As a senior at Amherst College,
Win Smith and a few of his fraternity brothers decided to grab some season passes, rent a house, and hit up the ski slopes in Vermont’s Mad River Glen.
The season came to a close and Smith didn’t ski again for almost 14 years.
After graduating from Amherst, Smith went to Wharton for graduate school and later landed a job in New York at Merrill Lynch — a company his father once helped lead.
He started out as an entry-level investment banking associate and ended up working for there for 28 years, rising to the role of executive vice president. In 2014, he wrote a book, “Catching Lightning in a Bottle,” which chronicled the rise and fall of the firm.
He hadn’t given skiing much thought over the years until a serendipitous gathering drew Smith back to the slopes in 1984.
He took his family to Vermont for a reunion with his fraternity brothers and his children became hooked on the sport. Smith bought a house in Warren, Vermont, in 1994, and started spending most winter weekends up there skiing at a resort called Sugarbush.
Then, in early 2001, he got a call from a two businessmen based in the Mad River Valley saying that Sugarbush was teetering on the verge of bankruptcy. They asked Smith if he was interested in buying and resurrecting it.
Smith then approached Joe Riemer — a Merrill Lynch colleague and good friend — to gauge his interest, and together they decided to give it a shot. (
Riemer died of cancer a few months later.)
When the four of them bought the resort in September of 2001, Smith intended for it to be a “passive investment,” so he kept his day job in Manhattan.
A month later, Smith got a new boss at Merrill Lynch.
“He made me an offer to stay as vice chairman but I was really concerned about his direction and I was really distressed that he didn’t seem to appreciate the culture or the history of the firm.”
So Smith left Merrill and went into private equity.
He did that until 2004, when he realised that things at Sugarbush weren’t much better than they had been prior to the sale. He knew if he wanted to see the resort come back to life, he’d have to get more involved.
He was 55 at the time and “was up for the challenge” of making a major career change.
“I don’t believe one should ever ‘retire,'” he says, “I think you just go on to different things.”
Smith’s family was supportive of his decision. However, he says that not everyone understood why he was making such a big career change.
“I think most of my friends thought I was totally nuts,” Smith tells Business Insider.
But he packed up and moved to Warren anyway.
The town of about 1,700 permanent residents doesn’t have traffic lights, billboards, or national chain stores. It looked nothing like his old life, but Smith quickly found that running a ski resort in Vermont really wasn’t all that different from working on Wall Street.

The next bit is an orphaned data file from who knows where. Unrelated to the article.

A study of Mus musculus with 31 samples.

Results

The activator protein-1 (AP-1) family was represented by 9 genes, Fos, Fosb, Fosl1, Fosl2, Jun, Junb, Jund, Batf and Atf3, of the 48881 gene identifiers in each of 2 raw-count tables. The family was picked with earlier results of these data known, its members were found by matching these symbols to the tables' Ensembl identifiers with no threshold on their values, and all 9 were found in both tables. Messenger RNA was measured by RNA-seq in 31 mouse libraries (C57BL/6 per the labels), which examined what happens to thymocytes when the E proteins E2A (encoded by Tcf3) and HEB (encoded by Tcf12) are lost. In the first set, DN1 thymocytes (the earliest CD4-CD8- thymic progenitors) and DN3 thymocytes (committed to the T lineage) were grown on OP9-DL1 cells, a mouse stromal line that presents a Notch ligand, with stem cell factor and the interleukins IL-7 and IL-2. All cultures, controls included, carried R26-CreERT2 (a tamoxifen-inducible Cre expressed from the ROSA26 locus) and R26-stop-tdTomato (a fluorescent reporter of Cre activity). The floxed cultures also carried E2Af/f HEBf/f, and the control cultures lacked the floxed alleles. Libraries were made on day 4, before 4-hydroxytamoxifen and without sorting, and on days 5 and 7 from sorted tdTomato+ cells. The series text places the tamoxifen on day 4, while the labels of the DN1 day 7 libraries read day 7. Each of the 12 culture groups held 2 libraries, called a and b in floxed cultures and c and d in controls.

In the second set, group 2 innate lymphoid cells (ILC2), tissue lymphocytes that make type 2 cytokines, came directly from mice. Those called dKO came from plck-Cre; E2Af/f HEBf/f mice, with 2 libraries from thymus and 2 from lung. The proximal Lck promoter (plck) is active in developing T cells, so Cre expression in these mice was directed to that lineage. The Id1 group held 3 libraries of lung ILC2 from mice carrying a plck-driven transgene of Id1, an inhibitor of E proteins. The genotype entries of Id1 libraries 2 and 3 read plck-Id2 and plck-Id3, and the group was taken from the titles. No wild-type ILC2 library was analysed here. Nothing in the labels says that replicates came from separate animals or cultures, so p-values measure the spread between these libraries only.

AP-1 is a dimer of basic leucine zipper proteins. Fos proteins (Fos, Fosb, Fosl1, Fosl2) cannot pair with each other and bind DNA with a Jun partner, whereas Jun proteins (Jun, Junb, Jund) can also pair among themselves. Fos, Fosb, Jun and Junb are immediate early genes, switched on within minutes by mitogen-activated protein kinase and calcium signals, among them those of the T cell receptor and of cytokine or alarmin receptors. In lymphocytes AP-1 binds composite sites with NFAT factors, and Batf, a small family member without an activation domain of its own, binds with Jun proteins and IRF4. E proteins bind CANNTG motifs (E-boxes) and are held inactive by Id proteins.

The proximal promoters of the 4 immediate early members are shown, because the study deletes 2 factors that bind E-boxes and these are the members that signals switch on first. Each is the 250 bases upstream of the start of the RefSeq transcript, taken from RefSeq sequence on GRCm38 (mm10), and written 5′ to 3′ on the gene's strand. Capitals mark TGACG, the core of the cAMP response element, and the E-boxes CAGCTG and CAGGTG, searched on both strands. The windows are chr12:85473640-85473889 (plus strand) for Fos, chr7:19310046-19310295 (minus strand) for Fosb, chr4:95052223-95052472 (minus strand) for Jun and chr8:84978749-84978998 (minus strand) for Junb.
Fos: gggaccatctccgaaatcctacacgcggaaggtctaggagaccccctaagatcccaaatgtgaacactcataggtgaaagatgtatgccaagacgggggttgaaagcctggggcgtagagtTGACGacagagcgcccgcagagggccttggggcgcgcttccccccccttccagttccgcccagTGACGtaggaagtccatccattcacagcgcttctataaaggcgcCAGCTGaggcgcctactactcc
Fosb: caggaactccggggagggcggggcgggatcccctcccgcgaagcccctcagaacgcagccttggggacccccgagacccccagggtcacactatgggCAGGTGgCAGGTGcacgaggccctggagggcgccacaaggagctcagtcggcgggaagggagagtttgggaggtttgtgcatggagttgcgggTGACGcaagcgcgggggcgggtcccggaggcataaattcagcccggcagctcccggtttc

“There’s a lot that’s not under your control, like the weather” he says. “So you have to focus on the things that really can be under your control. You focus on things like customer service and how you build the culture of the firm, how you build the team, and how you motivate people. Another other similarity is how you organise and finance the business. Merrill Lynch failed because it became overleveraged. It had too much debt. A lot of ski businesses fail for the same reason.”
But it wasn’t the easiest transition.
“For the first few days, I really wondered what the hell I’d done,” he says. “I was leaving a lot of money. I was leaving a big company. I was, in many ways, leaving a lot of people I cared for. That was a challenge at first.”
Luckily, the pivot was made easier by the fact that running a ski resort has its perks.
Smith, now 67, spends a good amount of time hitting the slopes in the early morning, before anyone else is out.
“I’ve always loved the outdoors and I live in a beautiful part of the world which is just, environmentally, very clean and rich,” he says.
His ventures up and down the mountain also serve a practical purpose: he can check in with his employees and interact with his guests. The resort employs about 1,000 people in the winter season and draws just under 400,000 winter visitors.
He says running the resort isn’t all snow and games. It has its challenges, too.
Last year, the resort endured what Smith calls “one of the worst winters in the last 50 years.”
“I think part of the excitement of the business is that when you get through the challenging years, it’s also very rewarding,” he says.
When reflecting back on his career, Smith says that running Sugarbush has allowed him to pursue his real passion full-time.
“If you can’t get excited when you wake up in the morning, if you’re not doing something you really love, then don’t do it,” he says.
Smith believes that many people could stand to take a chance and pursue their dreams, once in a while.
“I think at the end of the day too many people rationalize why they should stay, rather than launching out,” he says. “When they launch out, they often find that they’re going to land on their feet.”